International Day of Reflection on the 1994 Rwanda Genocide & its significance in today’s Global Context

The 7th of April marks the beginning of a hundred-day period which saw the murder of over one million people during the 1994 genocide in Rwanda, East Africa[1]. The Hutu extremist-led government systematically targeted the Tutsi minority alongside moderate Hutu members and others who opposed the massacres during this period. During the one hundred days, 70% of the Tutsi population were wiped out with almost 10,000 people killed daily. Sexual violence was utilised as a weapon of war, with Hutus forming ‘rape squads’ consisting of released AIDS patients to infect Tutsi women. Over 250,000 women and girls were raped with thousands of survivors and their children infected with the HIV/AIDS virus [2]. Fearing retribution, by August 1994 UNHCR estimated over two million majority Hutus, fearing retribution because of the empowered Tutsi government, had fled to neighbouring countries with an additional 1.5 million people displaced internally[3].

The genocide ended after the Tutsi-backed and heavily armed Rwandan Patriotic Front, took control of the capital and the country. The Genocide Memorial Day signifies the beginning of a national mourning period which lasts until Liberation Day on July 4th, to celebrate the day the Rwandan genocide ended.

Stereotyping, ‘othering’ and genocide in Rwanda

While the underlying factor that prompted the genocide was centred around ethnicity and the differentiation between the Hutu and Tutsi, the effects of stereotyping and ‘othering’ of people were present far before the genocide in 1994 [4].

Colonialism had a profound impact on Rwanda and is a contributing factor towards the deep divide which exists between the Hutus and Tutsis. From 1897-1918 Rwanda was a part of German East Africa, however after the end of World War 1, under the Treaty of Versailles, Rwanda became a protectorate of Belgium. In a pattern similar to Nazi Germany, group identity cards were introduced by Belgium to make differentiating between the two groups easier[5].

These factors succeeded in creating a huge racial and class divide which continues to have a lasting impact on Rwanda despite its independence in 1962. This rigid ethnic categorisation accompanied by negative stereotypes and ‘othering’ by the media, religious entities and through government statements formed the central theme of the propaganda campaign which later resulted in genocide.

Stereotyping and ‘othering’ in a contemporary global context

When considering the Rwandan Genocide within a contemporary context, the conscious effort of ‘othering’ individuals or groups and its effects can be reflected through the rhetoric of the right wing and conservative groups in Europe. This results in violence against those deemed as the ‘other’, in this instance refugees and asylum seekers. The presence of negative stereotypes and the ‘othering’ were evident within the British press since 2015 during the height of refugee migration towards the EU [6]. This predominantly negative construct involved the attachment of some kind of ‘threat’ to those who are displaced.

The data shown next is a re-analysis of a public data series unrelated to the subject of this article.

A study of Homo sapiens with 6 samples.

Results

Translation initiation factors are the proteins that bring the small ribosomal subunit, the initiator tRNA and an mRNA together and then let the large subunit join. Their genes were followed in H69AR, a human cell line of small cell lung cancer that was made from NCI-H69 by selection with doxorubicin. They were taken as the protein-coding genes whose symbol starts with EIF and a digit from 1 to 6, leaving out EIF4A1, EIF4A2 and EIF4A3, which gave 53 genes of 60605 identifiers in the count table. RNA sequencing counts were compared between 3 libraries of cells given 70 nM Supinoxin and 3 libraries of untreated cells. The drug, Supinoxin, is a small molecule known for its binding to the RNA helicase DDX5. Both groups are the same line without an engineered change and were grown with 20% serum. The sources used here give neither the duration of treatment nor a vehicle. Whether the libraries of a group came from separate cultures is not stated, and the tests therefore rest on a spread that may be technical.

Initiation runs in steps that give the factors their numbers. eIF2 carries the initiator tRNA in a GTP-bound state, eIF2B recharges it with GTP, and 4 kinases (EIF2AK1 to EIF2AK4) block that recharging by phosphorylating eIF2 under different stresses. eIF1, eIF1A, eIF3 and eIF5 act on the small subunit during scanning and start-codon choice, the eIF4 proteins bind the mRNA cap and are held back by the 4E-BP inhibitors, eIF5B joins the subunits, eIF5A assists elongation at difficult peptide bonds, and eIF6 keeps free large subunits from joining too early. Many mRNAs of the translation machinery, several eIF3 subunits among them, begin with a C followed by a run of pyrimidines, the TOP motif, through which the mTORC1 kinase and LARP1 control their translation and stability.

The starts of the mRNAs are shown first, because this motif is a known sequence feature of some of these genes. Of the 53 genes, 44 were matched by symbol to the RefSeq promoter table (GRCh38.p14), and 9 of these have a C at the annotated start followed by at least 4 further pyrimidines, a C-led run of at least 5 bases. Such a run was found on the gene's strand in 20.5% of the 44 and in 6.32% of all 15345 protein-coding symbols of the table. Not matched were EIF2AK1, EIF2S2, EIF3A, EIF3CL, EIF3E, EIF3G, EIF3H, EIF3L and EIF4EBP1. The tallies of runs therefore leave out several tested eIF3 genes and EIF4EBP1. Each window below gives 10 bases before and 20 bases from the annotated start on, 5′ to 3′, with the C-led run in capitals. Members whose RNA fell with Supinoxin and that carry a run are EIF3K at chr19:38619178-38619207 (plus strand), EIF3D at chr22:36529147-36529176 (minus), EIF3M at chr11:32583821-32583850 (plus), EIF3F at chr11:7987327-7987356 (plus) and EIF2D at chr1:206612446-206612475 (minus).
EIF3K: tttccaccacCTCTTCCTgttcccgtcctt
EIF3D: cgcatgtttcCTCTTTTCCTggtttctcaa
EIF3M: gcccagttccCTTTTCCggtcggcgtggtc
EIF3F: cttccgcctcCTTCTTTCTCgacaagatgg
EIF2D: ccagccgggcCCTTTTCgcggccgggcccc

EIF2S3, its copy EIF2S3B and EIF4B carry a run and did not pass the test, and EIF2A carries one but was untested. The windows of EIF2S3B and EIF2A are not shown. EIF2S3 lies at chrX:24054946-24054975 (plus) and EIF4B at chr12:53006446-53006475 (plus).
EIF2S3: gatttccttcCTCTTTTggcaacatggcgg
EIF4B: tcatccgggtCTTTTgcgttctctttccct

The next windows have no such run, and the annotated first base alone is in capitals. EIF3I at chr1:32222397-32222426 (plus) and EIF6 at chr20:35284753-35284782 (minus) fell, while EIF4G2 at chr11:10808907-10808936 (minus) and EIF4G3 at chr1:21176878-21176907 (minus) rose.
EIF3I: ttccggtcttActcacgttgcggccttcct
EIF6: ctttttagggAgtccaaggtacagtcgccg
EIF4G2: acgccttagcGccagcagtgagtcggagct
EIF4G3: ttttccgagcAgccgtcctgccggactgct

Framing human beings as an existential threat was built through a variety of negative portrayals, racial and ethnic stereotypes, erroneous attachments to acts of criminality or terrorism and questioning the legality of refugee claims. The use of these labels seeks to dehumanise an already vulnerable group of people and distances us from those experiencing displacement, leading us to think they are different from ourselves. For example, Former UK Prime Minister David Cameron was criticised for his description of a ‘swarm of people’ entering the UK. The use of the term ‘swarm’ invokes an imagery of refugees as insects and is disturbingly reminiscent of the language used to incite action from militias during the Rwandan genocide in their denunciation of the Tutsi as cockroaches[7].

In the latest demonstration of ‘othering’, the 24th of March 2021 saw the UK Home Secretary Priti Patel announce the UK’s Home Office New Plan for immigration, which details how the government intends to deal with people it has deemed to be entering the country ‘illegally’.Such a plan demonstrates that the UK government is refusing to uphold refugee rights, as outlined by the 1951 UN Refugee Convention, by criminalising those fleeing persecution[8]. Moreover, the objectives and justifications for the New Plan are based on harmful and negative stereotypes that work to perpetuate the ‘othering’ and further undermine the rights of refugees and asylum seekers.

We need to take a stand against the New Plan and raise awareness that all refugees and asylum seekers deserve to be treated with compassion, respect and dignity. We need to stop the culture of painting human beings as ‘others’ and choose to focus on the fact we have more in common with refugees and asylum seekers than with the politicians following those in history who have sought to divide us.

References and Other Sources:

[1] UNESCO, 2021. International Day of Reflection on the 1994 Genocide against the Tutsi in Rwanda.

[2] Bhalla, N. (2019). Factbox: Rwanda remembers the 800,000 killed on 25th anniversary of genocide. Available:

[3] UNHCR. (2012). The Rwandan genocide and its aftermath. Available: Last accessed 5/04/21.

[4] Wielenga, C., 2012. Genocide and identity: Stereotyping,‘othering’and violence in Rwanda. University of Pretoria, South Africa.

[5] Kreps, A . (2019). Congo/Rwanda. Available:

[6] Landgon, N., 2018. Empathy and othering: Framing Syria’s refugee crisis in the british press. Image.

[7] Melvern, L., 2019. A people betrayed: the role of the West in Rwanda’s genocide. Zed Books Ltd.

[8] UNHCR, 2021.Convention and Protocol Relating to the Status of Refugee.